The Supreme Court of the United States held in Knick v. Township of Scott that plaintiffs claiming a local government action has interfered with their use of property may bring their constitutional "takings lawsuit" under 42 U.S.C. section 1983 directly in federal court, and before exhausting other related state law remedies.


The California Legislature recently passed Senate Bill (SB) 188, known as the CROWN Act, which amends the definition of "race" contained in state anti-discrimination laws under both the Fair Employment and Housing Act and the Education Code to include "hair texture and protective hairstyles."


On June 14, 2019 the California Court of Appeal for the Second Appellate District issued its opinion in Conger v. County of Los Angeles, finding that denying a police officer's promotion because of his conduct prior to the promotion, was not a violation of his rights and was instead a legitimate merit-based decision.


In Ross v. County of Riverside, decided on June 20, 2019, the California Court of Appeal for the Fourth Appellate District reaffirmed that repeated or extended absences from work for the purpose of attending doctor's appointments amount to a limitation on a major life activity, thus physical impairments which cause such repeated or extended absences may meet the definition of a physical d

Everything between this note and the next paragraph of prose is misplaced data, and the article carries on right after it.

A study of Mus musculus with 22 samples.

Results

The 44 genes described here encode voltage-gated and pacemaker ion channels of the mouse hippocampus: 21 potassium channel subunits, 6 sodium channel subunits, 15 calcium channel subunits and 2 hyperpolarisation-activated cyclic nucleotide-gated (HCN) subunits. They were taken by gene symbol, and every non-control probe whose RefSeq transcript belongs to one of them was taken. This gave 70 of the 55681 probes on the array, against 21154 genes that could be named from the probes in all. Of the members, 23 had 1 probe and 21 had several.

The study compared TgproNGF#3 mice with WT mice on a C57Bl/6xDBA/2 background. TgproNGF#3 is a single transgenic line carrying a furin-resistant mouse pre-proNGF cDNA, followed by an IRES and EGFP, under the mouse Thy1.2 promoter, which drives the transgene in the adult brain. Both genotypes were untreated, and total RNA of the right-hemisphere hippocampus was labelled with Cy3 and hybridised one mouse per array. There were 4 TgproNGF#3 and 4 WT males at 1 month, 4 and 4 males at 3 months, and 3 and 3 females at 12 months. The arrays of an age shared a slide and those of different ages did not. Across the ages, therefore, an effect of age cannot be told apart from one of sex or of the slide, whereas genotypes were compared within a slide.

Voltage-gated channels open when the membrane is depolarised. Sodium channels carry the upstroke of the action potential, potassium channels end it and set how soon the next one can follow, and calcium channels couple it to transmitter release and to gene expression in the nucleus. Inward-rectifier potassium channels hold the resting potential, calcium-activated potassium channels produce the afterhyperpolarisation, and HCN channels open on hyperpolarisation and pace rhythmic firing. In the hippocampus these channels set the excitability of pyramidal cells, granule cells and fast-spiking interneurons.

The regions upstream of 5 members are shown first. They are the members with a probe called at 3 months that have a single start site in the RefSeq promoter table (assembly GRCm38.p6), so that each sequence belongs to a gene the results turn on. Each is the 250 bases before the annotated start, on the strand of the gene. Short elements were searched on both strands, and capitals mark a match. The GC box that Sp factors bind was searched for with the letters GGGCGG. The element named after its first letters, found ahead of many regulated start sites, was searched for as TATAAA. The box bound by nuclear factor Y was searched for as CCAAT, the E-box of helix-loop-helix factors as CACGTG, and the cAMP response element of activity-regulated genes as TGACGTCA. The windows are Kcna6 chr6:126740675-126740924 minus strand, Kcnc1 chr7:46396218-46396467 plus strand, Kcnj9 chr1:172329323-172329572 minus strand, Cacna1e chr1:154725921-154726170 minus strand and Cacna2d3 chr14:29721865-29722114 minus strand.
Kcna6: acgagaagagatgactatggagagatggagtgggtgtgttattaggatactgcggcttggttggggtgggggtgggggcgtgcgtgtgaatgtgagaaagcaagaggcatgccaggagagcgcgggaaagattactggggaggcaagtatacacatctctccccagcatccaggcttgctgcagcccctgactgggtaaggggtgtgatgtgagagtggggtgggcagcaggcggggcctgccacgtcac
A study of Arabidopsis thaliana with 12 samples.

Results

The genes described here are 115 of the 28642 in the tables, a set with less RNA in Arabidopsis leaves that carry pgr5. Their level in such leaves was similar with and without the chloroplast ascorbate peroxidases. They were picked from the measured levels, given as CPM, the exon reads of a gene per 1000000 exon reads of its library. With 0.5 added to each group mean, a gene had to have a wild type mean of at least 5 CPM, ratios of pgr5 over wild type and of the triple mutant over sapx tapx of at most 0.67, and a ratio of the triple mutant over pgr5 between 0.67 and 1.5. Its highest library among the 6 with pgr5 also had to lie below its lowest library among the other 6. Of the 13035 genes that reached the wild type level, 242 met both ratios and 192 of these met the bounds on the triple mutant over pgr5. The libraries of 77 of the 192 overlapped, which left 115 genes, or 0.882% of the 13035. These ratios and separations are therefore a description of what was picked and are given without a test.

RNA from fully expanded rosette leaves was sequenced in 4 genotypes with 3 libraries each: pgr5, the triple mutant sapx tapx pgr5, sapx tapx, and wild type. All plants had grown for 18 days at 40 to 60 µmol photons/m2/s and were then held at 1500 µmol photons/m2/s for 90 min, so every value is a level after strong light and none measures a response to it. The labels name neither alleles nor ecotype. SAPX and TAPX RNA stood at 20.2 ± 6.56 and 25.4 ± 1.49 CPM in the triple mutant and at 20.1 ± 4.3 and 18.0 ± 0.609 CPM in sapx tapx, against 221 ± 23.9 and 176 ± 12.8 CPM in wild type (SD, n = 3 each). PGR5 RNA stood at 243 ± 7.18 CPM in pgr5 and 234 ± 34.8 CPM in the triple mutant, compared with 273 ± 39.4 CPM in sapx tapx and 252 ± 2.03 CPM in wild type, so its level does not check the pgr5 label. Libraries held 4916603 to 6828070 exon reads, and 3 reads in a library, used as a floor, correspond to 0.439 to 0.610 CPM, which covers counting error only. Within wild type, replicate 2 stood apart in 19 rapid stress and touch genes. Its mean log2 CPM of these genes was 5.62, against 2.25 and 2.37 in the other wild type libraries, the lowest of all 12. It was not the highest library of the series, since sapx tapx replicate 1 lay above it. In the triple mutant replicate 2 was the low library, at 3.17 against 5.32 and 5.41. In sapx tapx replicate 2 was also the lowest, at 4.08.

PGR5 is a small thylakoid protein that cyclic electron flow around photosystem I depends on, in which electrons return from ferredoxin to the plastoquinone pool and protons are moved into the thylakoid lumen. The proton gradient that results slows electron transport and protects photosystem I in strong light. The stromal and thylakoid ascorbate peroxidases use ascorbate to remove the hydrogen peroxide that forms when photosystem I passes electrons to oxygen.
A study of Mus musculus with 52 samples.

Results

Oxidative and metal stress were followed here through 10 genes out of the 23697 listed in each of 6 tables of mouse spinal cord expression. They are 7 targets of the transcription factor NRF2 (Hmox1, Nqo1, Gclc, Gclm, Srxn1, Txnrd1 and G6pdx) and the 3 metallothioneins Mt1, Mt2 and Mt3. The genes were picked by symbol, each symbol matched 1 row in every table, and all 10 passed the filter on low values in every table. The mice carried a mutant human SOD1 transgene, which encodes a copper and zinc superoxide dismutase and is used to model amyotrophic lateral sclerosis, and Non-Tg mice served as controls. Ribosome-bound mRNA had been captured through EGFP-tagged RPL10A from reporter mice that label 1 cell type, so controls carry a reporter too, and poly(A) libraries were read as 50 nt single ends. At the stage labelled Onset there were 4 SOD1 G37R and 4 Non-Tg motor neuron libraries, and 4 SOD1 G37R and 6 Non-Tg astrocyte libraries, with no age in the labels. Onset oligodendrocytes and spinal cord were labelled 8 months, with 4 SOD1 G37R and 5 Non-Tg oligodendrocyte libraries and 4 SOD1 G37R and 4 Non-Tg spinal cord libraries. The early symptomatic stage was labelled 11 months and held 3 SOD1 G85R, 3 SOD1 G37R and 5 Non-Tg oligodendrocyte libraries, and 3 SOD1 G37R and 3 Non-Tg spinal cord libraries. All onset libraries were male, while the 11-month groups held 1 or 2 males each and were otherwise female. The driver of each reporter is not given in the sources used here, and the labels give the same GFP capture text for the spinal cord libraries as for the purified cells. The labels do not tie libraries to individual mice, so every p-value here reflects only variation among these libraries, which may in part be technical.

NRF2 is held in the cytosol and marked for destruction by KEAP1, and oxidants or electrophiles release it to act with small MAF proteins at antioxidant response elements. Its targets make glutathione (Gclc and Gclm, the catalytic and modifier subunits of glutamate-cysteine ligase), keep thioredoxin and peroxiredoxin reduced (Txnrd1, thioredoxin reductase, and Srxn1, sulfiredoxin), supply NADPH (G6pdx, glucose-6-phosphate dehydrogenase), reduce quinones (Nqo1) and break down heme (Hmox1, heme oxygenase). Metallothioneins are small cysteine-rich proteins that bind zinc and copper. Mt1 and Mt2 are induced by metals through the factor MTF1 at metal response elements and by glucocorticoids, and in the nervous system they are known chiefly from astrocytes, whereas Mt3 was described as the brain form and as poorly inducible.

Once a year, deep in the Alaskan wilderness, twelve thousand "snow hippies" exercise their right to party. Law enforcement officers chaperone them at a ratio of ten thousand to seven. At "Arctic Man," not to be confused with "Burning Man," there is a blizzard of skiers, snowmobilers, and bonfires.


A public agency's right to enforce reasonable aesthetic criteria on telecommunications installations is a valid exercise of power. So says the California Supreme Court in its recent ruling inT-Mobile West LLC v. City and County of San Francisco (T-Mobile) (April 4, 2019, S238001) __ Cal. __.


Sometimes public entities stumble despite their best efforts to dutifully comply with the Brown Act. Fortunately, the Brown Act allows these entities to fix certain violations by identifying the problem and promising never to do it again.


The California Court of Appeal for the First Appellate District recently handed down a decision denying Walnut Creek Police Officers' Association's request to stay the enforcement of a February 2019 Superior Court ruling which allowed for the release police records pursuant to Senate Bill (SB) 1421.


In 2017, basketball Hall-of-Famer Shaquille O'Neil was sworn in as a deputy sheriff of Henry County, Georgia. The momentous occasion concluded with a moment levity at the end of the swearing-in ceremony when Mr. O'Neil announced his candidacy for County Sheriff in 2020.